Every year parents are faced with the same question, how to make the summer both fun and constructive for their kids. More families are turning to summer enrichment programs as a way of adding value to the summer camp experience.
Not all summer enrichment camps are created equal and there’s much that parents should consider when evaluating programs.
Several camps position themselves as enrichment programs when they really are glorified and expensive vacations for the students who attend. Do the kids like these camps? You bet. Before signing up, take a good look at the program’s schedule of activities. Close inspection may reveal that there’s far more downtime and unstructured free time than there is quality enrichment. There’s nothing wrong with indulging your child in one of these programs, some of which are in Europe and tropical locations or on cruise ships. Just know that there may be little or no lasting value to the student.
If a summer program bills itself as providing new skills to participants, then make a point to learn about the background of the staff that will teach these skills. Are the program leaders teachers or experts in a particular field? Also, inquire as to the training they receive. Many summer programs scramble at the last minute to hire summer staff. As a result, the experience and training of some staff members may be lacking.
The last thing a student needs in summer is more school. A good summer enrichment program gives students the feeling that they’re at camp, not back at school. While some programs try to combine learning and fun by giving the campers adequate free time, the best camps incorporate fun right into the learning. When a student enjoys the learning process, the brain does a better job of assimilating and retaining the new information.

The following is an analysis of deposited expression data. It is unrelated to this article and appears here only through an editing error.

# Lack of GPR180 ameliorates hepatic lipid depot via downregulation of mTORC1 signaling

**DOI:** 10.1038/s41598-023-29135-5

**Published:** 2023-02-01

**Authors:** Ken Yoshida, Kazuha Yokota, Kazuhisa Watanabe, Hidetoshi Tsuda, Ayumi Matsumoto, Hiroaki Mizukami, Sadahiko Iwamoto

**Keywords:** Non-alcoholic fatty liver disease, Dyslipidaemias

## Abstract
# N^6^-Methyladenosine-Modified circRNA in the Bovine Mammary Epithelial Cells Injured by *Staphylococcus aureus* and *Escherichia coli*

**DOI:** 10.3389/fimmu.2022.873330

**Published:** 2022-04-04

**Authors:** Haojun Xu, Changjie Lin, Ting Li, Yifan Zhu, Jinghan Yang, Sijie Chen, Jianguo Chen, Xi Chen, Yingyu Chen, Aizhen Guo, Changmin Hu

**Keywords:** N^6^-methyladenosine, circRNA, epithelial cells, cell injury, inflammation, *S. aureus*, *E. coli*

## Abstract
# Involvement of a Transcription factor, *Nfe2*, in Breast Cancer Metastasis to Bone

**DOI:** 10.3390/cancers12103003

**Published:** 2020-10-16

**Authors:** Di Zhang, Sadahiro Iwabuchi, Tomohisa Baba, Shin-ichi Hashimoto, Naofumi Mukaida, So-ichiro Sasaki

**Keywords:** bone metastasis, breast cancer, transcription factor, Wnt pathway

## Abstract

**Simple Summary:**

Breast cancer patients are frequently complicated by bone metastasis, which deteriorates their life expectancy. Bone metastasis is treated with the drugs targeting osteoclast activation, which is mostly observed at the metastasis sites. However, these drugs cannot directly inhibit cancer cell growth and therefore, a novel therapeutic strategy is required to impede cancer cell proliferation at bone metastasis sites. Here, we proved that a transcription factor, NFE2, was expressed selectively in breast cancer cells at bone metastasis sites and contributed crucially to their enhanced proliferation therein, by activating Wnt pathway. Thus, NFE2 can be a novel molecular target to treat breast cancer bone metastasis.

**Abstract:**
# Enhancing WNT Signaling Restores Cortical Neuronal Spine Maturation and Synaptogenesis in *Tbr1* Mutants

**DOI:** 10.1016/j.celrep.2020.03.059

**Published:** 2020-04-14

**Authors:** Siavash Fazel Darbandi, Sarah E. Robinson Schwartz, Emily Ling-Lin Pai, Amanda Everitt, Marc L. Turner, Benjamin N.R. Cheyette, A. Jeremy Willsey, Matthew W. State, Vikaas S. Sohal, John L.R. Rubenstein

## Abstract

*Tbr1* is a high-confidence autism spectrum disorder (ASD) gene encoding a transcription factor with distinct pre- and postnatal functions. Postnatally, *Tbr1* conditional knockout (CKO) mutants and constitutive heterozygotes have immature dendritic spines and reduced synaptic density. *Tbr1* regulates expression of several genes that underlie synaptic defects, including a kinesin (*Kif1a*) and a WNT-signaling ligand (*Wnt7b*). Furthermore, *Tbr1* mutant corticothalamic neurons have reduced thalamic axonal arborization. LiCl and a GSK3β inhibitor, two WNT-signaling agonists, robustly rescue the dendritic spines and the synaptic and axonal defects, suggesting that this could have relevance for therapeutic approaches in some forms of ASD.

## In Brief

Typically, when parents hear summer enrichment they think of academic enrichment. Clearly, when students are able to acquire new skills in areas such as creative writing, reading comprehension, problem solving and critical thinking, they benefit. However, if a camp offers them growth in life skills areas that build their confidence, motivation and self-esteem as well as their communication and leadership skills, then you’ve found a summer enrichment program that can help a student grow in school and in life.
There is no set length that is best. Students do benefit from some downtime in the summer, so a program that runs three or more weeks may be excessive and expensive. On the other hand, camps that last just a few days will have limited value. Similarly, day camps don’t have the same impact as residential enrichment camps, where students get to stay on-site for the duration of the program. Teens, in particular, are nocturnal. Some of the best learning can come in the evening sessions of summer programs. Look for enrichment camps on college campuses. Middle school and high school students enjoy the experience of living in college dorms for a week or more. It can even prove to be inspirational as they begin to think about college.
Sending your child to the right summer enrichment program can pay long-term dividends. Honed academic skills, increased motivation or added confidence can translate into better grades as well as new academic and personal interests. In turn, this growth can lead to better colleges, college scholarships and rewarding careers.
Bobbi DePorter is a teen motivation and accelerated learning expert, serving more than five million kids through her SuperCamp and Quantum Learning school programs. Visit www.SuperCamp.com or www.QLN.com to learn more.